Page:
Last week, the U.S. Supreme Court began its first full term since the death of Justice Antonin Scalia, the central advocate for the Court’s conservative bloc. Since Justice Scalia’s death this past February, the Court has remained in a sort of an ideological limbo, and the Senate will not consider President Obama’s nominee to succeed Justice Scalia, Judge Merrick Garland, before the November presidential elections. With only eight members for the final few months of its prior term, the Court split 4-4 on several major decisions, including two labor and employment decisions.
Perhaps sensing the uncertainty it faces, the Court has granted certiorari more sparingly this year. Moreover, the cases the Court has agreed to hear are generally not the “blockbuster” cases that it has agreed to address in prior terms.
Nonetheless, the Court has agreed to hear two cases that could have important implications for employers. Additionally, there is one additional case that will likely make its way onto the Court’s docket in the coming months. The following is a brief summary of each of these three cases:
- SW General v. NLRB, No 15-1251: The Court will once again consider the President’s authority to make agency appointments. This time, the Court will review whether the Federal Vacancy Reform Act (the “Act”) gives the President’s “acting” appointee the power to serve in that position until confirmed by the Senate. When President Obama appointed Lafe Solomon to serve as “acting” General Counsel to the National Labor Relations Board (“NLRB”) in June 2010, the Senate later rejected Solomon’s official nomination. Ultimately, Richard Griffin was confirmed as General Counsel and began serving on November 4, 2013. The D.C. Circuit Court of Appeals held that Solomon served in violation of the Act between January 5, 2011 and November 4, 2013, and voided the NLRB’s issuance of an unfair labor practice complaint against SW General during that time period. The Court will now decide whether Solomon became ineligible to serve as Acting General Counsel once the President nominated him to be General Counsel.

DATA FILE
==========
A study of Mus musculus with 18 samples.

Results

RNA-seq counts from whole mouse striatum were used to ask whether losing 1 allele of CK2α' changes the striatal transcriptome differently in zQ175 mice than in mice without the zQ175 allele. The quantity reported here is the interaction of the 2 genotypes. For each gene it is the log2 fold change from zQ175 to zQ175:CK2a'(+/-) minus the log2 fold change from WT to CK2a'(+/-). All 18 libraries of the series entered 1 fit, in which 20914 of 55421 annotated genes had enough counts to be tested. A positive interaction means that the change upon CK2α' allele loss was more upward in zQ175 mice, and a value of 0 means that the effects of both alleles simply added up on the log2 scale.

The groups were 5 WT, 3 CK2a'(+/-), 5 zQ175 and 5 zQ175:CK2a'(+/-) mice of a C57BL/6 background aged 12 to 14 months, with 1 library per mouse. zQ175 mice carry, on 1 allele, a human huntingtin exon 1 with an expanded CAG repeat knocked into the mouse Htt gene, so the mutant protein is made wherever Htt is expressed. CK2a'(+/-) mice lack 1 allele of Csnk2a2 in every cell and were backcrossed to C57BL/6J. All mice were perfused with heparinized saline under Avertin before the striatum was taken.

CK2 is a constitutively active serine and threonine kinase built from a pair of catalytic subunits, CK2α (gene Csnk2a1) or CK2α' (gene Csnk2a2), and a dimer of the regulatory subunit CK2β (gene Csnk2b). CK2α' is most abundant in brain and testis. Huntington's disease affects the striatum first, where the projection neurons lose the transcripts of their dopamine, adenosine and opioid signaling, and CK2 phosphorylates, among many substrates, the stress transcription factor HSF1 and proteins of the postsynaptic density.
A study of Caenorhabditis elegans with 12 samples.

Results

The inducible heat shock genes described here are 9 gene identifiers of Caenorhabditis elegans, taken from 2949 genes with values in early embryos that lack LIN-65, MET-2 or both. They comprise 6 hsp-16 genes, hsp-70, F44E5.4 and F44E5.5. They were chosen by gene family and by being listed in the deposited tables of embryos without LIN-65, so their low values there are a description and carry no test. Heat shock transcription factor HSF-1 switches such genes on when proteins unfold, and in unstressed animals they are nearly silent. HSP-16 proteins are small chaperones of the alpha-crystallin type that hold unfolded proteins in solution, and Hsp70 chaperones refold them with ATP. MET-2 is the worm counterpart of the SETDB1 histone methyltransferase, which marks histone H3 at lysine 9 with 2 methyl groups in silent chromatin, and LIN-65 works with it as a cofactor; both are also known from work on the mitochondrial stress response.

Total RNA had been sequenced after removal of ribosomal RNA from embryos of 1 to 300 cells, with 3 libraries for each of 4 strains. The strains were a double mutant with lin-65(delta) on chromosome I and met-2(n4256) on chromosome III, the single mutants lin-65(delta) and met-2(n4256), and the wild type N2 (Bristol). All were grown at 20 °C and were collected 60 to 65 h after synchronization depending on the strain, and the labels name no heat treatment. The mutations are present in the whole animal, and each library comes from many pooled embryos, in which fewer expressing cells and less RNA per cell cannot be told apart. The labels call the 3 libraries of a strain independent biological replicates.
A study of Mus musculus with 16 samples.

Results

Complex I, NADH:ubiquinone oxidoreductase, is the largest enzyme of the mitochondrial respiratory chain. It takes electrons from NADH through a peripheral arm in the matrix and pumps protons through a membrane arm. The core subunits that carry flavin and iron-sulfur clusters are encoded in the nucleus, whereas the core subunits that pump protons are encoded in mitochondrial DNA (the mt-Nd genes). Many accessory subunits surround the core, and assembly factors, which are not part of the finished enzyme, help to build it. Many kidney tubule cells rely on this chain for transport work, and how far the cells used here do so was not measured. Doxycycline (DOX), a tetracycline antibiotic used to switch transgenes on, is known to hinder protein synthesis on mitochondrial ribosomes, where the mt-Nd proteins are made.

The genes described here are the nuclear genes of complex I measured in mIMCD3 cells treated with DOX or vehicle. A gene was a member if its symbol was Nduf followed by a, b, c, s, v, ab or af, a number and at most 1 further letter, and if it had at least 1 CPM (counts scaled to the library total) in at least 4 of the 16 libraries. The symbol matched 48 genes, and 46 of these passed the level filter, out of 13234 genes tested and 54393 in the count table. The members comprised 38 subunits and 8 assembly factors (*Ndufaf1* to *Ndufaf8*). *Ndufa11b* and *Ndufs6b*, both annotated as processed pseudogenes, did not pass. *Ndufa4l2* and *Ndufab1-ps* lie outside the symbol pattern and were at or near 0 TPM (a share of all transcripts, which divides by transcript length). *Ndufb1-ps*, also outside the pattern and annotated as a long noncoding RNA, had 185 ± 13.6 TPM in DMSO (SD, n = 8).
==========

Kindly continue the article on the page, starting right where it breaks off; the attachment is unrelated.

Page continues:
- McLane Co. Inc. v. EEOC, No. 15-1248: The Court will consider a case involving the EEOC’s subpoena power during the course of an investigation. The case, out of the Ninth Circuit, involves the EEOC’s investigation of sex discrimination allegations against McLane that arose when one employee failed several physical strength tests after returning from maternity leave. The EEOC broadened its investigation and requested personally identifiable information, including names, Social Security numbers and phone numbers, of thousands of applicants and employees. The Court will decide a narrow issue: whether the Ninth Circuit granted the District Court proper deference when reviewing a ruling that the EEOC’s subpoena was not enforceable. The Ninth Circuit reviewed the District Court’s decision “de novo”—meaning without any deference—and held that the information requested by the EEOC was relevant to the investigation. The Court will review this narrow issue and determine the proper level of deference for a lower court’s ruling on an administrative subpoena. The clarification will be important for employers looking to quash or limit a broad – and likely costly – EEOC subpoena.
- Employee Class Action Waivers: There are several petitions for certiorari before the Court to determine whether or not an employer can require all of its employees to execute mandatory arbitration agreements that not only require employees to pursue disputes through arbitration (rather than through a court), but also waive their right to participate in class or collective actions. In 2012, the NLRB held that such agreements were unlawful under the National Labor Relations Act (“NLRA”). The NLRB reasoned that because Section 7 of the NLRA protects employee rights to improve their working conditions through proceedings in court, an employee’s right to pursue these goals through a class or collective action lies at the “core” of the legal protections of federal labor law. Therefore, requiring employees to refrain from bringing collective or class actions in any forum, including arbitration, improperly barred employees from exercising their substantive rights under Section 7. The NLRB’s ruling was challenged in federal courts throughout the country; eventually, a circuit split emerged, thereby creating an opportunity for the Court to weigh in on the matter. Notably, the Seventh Circuit Court of Appeals, which has jurisdiction over Illinois, Wisconsin, and Indiana, agreed with the NLRB and upheld its ruling. Guided by the NLRB’s reasoning, the court held that class action litigation, involving employees banding together to collectively assert a legal challenge to a workplace practice, is as “concerted” as activity can be. The Court may choose to resolve this circuit split and determine the legality of class action waivers.
It is clear that whoever fills the vacancy left by Justice Scalia will influence the direction of the Court for years to come. In the meantime, we will continue to provide updates if the Court grants certiorari in additional cases with significant labor or employment ramifications.